For the medical profession, one of the issues arising in responding to the novel coronavirus outbreak is the need to communicate medical data rapidly while maintaining data security.
The permissioned blockchain produced by a collaboration of blockchain eco-system VeChain with the Limassol-based IT solutions provider I-DANTE offers automated solutions to both of these issues.
A public permissioned blockchain controls both access to the platform and limits the ability of users to certain roles. For example, anyone can access the public ledger that controls all transactions for Bitcoin, and buy and sell the coins. Anyone (even without purchasing a bitcoin) can see all the transactions on the public ledger.
This is not possible with a permissioned blockchain. But this more secure blockchain does offer the rapid automation for the exchange of data that all such platforms have. And it enables compliance with all medical data regulations.
What’s more, the blockchain permits the hospital to collect data on the efficiency of its processes. How long does it take for a patient to register at the emergency room, undergo the initial examination, and then actually see a doctor? Each of these events is recorded on the blockchain for later review.
This is why the global healthcare market spending and investment on blockchain-based technologies is expected to hit $5.61 billion by 2025, according to a report by BIS Research.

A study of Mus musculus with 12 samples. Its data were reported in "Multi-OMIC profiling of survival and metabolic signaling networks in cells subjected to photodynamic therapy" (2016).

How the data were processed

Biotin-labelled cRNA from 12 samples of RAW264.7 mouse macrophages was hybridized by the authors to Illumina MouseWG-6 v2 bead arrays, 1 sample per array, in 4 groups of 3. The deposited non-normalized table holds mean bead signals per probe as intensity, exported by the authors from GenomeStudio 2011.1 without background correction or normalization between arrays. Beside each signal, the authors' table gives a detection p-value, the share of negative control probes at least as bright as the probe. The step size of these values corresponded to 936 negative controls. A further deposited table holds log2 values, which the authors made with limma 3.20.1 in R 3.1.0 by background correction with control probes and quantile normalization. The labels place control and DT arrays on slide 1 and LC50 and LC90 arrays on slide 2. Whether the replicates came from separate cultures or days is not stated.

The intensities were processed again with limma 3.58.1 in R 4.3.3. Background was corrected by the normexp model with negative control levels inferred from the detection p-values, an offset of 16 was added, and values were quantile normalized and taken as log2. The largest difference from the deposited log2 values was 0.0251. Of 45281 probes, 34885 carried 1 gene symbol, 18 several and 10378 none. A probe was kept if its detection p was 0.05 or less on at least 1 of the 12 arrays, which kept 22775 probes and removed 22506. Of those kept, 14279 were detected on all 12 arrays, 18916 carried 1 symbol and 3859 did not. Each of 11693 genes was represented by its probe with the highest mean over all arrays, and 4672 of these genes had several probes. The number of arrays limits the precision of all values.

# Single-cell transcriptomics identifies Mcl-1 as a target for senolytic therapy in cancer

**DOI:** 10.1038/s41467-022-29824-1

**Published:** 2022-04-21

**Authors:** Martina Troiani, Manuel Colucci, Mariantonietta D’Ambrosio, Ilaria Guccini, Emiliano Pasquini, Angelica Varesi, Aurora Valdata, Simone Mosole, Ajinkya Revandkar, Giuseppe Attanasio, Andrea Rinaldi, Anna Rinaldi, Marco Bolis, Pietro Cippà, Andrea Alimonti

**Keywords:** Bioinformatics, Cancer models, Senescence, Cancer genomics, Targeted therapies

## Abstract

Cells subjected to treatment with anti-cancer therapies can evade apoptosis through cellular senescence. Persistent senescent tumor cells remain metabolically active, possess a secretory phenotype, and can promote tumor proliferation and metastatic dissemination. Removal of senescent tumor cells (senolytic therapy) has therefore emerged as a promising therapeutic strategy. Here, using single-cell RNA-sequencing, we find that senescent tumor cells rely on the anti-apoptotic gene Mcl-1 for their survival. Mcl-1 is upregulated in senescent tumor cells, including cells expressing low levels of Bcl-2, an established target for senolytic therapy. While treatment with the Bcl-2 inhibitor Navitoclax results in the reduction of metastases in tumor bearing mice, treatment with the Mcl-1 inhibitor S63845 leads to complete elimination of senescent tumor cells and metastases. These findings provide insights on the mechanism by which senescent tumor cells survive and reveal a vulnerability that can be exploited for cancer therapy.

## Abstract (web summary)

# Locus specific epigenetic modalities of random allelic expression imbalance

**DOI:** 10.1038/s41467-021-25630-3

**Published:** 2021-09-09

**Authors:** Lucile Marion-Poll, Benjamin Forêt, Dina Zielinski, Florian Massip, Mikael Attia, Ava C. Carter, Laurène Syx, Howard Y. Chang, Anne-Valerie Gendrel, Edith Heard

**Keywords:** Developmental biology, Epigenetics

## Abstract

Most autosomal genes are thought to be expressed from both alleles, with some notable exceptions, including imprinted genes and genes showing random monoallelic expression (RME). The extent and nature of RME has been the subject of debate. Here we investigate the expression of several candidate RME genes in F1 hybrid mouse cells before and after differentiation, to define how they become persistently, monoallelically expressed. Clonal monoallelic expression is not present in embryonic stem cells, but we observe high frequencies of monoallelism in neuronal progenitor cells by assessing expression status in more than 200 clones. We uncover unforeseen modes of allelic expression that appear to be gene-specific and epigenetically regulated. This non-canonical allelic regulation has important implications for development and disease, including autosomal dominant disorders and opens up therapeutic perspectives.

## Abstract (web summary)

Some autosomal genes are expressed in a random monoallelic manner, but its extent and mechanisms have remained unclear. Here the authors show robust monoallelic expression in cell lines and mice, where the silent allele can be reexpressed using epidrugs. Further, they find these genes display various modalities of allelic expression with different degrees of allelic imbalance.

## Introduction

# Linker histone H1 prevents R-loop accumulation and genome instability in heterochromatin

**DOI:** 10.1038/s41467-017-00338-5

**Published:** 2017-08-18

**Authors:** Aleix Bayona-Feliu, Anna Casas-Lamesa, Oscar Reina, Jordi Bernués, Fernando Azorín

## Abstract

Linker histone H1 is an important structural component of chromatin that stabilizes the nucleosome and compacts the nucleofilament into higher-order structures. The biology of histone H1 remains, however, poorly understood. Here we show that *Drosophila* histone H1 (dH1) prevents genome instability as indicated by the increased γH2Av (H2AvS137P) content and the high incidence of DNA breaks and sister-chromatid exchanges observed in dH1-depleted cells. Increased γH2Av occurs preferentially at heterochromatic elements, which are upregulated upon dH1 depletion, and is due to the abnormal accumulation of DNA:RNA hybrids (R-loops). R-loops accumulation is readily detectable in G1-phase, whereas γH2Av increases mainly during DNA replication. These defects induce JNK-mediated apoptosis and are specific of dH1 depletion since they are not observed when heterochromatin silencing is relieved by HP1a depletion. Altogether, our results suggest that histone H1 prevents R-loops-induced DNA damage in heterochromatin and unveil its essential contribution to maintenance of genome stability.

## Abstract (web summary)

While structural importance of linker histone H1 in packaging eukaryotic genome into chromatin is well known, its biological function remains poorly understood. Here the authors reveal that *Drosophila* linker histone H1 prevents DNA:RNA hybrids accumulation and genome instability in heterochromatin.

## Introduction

The blockchain-enabled medical data management platform named E-NewHealthLife has been implemented in the Emergency Department of the hospital as the first phase of this project.
The platform produces a Digital Healthcare Passport, an encrypted NFC Card that can be assigned to any patient of the hospital. The NFC Cards will allow the patients to identify themselves automatically at the Emergency Room registration desk, check their queue on mobile phone, manage their own medical records safely with the E-NewHealthLife Web App, and share their data securely with the hospital.
But data from the Digital Healthcare Passport can only be shared with the permission of the patient. The app allows the patient to
The E-HCert app offers the secure delivery of patient information. It enables patients to store their medical data, and, with their permission, share it as needed.
When a patient undergoes testing for COVID-19, the test results are automatically uploaded onto the blockchain and then to the E-HCert app (if the patient has previously given permission).
The patient may now decide if and when to share the test results. But the display of results on the E-HCert app may be used, for example, when returning to Cyprus from abroad, to avoid quarantine. Or when the patient returns to the workplace, or to obtain authorisations for other types of activity which require proof of testing.
More than 1,200 people have downloaded the E-HCert App at the Larnaca airport and have asked to receive their novel coronavirus test results on it, as of this writing, as Dimitrios Neocleous, ecosystem manager at VeChain Tech in Cyprus, told the Cyprus Mail.
The Mediterranean Hospital of Cyprus performs these tests at the airport at a cost of €60.
In the future, E-HCert will be adapted to display results from all types of medical testing, Neocleous adds.